Fooling Your Brain into Writing

05

I’ve realized I spend too much time writing. Not that I enjoy it so that I can’t stop, but I have this problem where I can’t make myself stay focused. After 15 minutes my brain wanders and my post becomes something I didn’t intend. I’ve been trying to trim down my writing and writing focus by decreasing the amount of time I give myself to write but all I do is break that limit and suddenly it’s midnight again and I’m swearing it won’t happen tomorrow.

As I came to day six of Blaugust, I found myself running out of steam. Because I’m devoting too much time to writing, I began to wonder if I should skip days or pre-write posts when the mood struck. From the posts I’m reading elsewhere, I can say that I’m not the only person facing the issue of sustaining our initial excitement. So remember my first post, about using tools I’ve gathered other places to augment my blogging skills? I made an effort of practical application today.

Thanks to the Internet, reaching out to experienced writers and bloggers is the work of an instant. One of my favourite Twitter people is @Seriouspony whom I met while ranting about public education and what my then-Kindergartner was facing (don’t even get me started.) Seriouspony turned out to be the fantastic Kathy Sierra, whose 2007 SXSW keynote address* is every day core to my work in community management, development, and technical writing. In addition to the speech-giving, conference-appearing work she’s done, she co-founded the Head First series of brain-friendly programming guides and literally wrote the book on Java. The point is she knows more than a bit about how the brain interprets communication on both the giving and receiving end, so I listen when she talks and especially when her topic falls in line with my current thoughts about losing steam and burnout while writing.

*The speech is transcribed by longtime Greenpeace veteran Brian Fitzgerald who is a very lovely and intelligent person you should get to know.

I found e.ggtimer.com to limit my time and prevent brain wandering and burnout while I finished my afternoon of technical writing. As pretty much anyone who has ever tried to write professionally can tell you, sometimes you don’t get to procrastinate. Technical writing is like that and then some—the document isn’t going to get written if you don’t do it, and there’s no “waiting for inspiration.”


As I began applying Kathy’s suggestion to my work, I was pretty happy to find I could go 15 minutes while focusing before my brain flipped out and refused to continue. This is where previous tools came in heavily: I found the same techniques for focus in meditation were helpful in sticking with my timer schedule.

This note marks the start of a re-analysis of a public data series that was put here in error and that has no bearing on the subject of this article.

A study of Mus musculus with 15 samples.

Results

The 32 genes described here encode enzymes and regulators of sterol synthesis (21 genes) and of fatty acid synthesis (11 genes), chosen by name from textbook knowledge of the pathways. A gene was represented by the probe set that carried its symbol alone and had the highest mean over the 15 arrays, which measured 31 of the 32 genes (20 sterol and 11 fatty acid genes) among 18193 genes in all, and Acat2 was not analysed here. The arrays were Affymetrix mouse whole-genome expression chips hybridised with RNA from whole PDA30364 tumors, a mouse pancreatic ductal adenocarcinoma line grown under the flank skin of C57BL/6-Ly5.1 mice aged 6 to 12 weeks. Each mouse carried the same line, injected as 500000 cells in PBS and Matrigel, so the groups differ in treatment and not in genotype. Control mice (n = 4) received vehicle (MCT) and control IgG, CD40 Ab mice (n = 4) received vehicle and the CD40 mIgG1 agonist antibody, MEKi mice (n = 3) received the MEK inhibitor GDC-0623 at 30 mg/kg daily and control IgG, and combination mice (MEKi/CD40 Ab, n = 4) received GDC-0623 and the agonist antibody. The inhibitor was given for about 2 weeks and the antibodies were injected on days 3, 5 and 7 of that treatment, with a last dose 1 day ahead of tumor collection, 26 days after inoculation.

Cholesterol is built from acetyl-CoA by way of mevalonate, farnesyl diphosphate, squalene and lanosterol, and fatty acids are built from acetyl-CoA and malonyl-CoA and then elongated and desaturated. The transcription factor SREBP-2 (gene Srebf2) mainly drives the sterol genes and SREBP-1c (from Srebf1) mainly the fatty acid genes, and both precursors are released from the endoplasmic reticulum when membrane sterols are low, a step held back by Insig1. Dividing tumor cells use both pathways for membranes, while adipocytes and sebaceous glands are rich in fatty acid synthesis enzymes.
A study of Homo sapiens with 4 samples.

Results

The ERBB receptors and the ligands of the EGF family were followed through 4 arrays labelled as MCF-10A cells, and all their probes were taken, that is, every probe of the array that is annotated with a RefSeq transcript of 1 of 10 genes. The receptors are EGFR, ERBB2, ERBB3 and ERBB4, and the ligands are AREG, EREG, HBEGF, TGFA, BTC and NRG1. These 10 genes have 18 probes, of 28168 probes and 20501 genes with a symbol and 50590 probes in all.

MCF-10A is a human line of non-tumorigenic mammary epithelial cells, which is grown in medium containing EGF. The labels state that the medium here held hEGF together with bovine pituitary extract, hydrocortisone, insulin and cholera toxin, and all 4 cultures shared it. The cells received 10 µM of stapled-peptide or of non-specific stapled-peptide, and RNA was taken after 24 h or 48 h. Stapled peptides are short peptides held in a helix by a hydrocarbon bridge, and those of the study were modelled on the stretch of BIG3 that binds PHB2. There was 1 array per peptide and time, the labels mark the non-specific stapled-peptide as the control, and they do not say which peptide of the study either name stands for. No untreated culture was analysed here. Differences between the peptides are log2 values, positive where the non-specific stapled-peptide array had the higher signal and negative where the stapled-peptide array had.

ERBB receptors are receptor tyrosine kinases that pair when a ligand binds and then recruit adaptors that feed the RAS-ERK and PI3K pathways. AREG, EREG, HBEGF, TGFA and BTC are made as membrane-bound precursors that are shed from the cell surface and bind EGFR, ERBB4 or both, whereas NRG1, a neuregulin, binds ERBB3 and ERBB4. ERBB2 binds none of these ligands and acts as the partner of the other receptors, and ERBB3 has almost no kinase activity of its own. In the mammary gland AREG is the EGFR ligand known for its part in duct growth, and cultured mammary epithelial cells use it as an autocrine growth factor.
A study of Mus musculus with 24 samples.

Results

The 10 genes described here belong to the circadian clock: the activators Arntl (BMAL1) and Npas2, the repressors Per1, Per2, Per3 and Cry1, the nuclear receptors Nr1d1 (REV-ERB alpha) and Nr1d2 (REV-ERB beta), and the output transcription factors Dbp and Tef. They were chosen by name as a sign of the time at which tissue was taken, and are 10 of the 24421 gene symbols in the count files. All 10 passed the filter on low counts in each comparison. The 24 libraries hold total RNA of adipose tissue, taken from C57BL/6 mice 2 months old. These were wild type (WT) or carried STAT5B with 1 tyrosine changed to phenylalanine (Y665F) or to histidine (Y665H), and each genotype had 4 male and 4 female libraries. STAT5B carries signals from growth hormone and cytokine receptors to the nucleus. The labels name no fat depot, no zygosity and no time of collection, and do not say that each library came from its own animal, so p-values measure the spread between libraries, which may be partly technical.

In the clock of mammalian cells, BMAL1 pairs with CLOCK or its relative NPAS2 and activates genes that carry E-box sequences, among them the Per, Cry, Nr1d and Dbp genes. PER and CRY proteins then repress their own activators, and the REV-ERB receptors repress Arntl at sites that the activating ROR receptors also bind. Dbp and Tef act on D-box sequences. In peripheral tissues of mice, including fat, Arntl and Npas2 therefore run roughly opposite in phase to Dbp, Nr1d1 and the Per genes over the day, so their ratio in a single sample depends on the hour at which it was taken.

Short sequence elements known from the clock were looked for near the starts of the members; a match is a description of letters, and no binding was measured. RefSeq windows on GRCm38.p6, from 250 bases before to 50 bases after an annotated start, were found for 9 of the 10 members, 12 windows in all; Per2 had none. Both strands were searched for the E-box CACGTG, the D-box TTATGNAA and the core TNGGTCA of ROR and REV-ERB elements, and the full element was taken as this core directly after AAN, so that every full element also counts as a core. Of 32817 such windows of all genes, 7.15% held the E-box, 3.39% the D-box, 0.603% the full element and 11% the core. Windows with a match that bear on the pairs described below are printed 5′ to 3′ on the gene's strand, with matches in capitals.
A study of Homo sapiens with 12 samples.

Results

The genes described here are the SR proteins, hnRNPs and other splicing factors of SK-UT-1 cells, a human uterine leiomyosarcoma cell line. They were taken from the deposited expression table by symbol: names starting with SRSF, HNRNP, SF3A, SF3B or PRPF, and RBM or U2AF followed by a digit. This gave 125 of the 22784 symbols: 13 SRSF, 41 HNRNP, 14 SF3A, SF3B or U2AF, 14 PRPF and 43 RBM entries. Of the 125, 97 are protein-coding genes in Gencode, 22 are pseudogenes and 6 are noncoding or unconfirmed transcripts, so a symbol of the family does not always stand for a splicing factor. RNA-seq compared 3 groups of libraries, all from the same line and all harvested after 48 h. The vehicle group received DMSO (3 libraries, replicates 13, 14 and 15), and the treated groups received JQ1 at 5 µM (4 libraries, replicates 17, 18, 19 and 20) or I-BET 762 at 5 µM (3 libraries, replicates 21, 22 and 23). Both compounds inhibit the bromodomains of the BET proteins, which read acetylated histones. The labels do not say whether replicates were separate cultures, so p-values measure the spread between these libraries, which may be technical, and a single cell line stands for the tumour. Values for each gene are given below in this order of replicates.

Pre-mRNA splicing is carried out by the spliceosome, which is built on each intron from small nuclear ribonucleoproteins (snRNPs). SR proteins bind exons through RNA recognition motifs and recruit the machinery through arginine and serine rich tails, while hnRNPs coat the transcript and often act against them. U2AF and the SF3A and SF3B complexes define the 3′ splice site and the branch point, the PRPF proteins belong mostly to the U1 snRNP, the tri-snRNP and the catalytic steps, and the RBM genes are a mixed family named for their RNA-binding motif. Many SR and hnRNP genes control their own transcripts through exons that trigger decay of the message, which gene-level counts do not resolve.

Meditation has been a live-saver for me the last 7 years. Yesterday, I mentioned enjoying living fully in the moment and there’s a lot of practice is learning that particular trick.  A common misconception about meditation is that your mind has to be completely blank. Repeatedly, I’ve been told by others “Meditation doesn’t do any good for me; I just can’t clear my mind.” Well no, because a completely silent mind is a dead mind and has nothing to do with living. Meditation as a practice is being in the moment, focused and balanced. Banishing all thoughts from your mind, ignoring the pressing matters, is impossible and counterproductive. Acknowledge the thoughts—even if that means writing down the pressing tasks swarming you so you can revisit the list after you’re finished—and draw back to your central point of focus.

That’s exactly what I used during my 15-minute work bursts. When a “must do!” task surfaced in my mind, I made a fast decision on how pressing it truly was and if immediacy was not needed, wrote the idea or task on a pad of paper and kept to my work till the timer went off. Then my brain would beg for a change of gear, and I’d work down my little list and browse Twitter. I found my “break” timer dwindling to 5 minutes, because knowing I had a definite break coming (and was going to honor that commitment to myself) made it so much simpler to jump into work-writing.

The end result today: I was more productive at work and didn’t leave the office feeling overwhelmed, I wrote this post much faster than I have any other so far this month, and I’m going to go enjoy some Dr. Who with my boyfriend, who is relieved to see me unpanicked and done writing before midnight.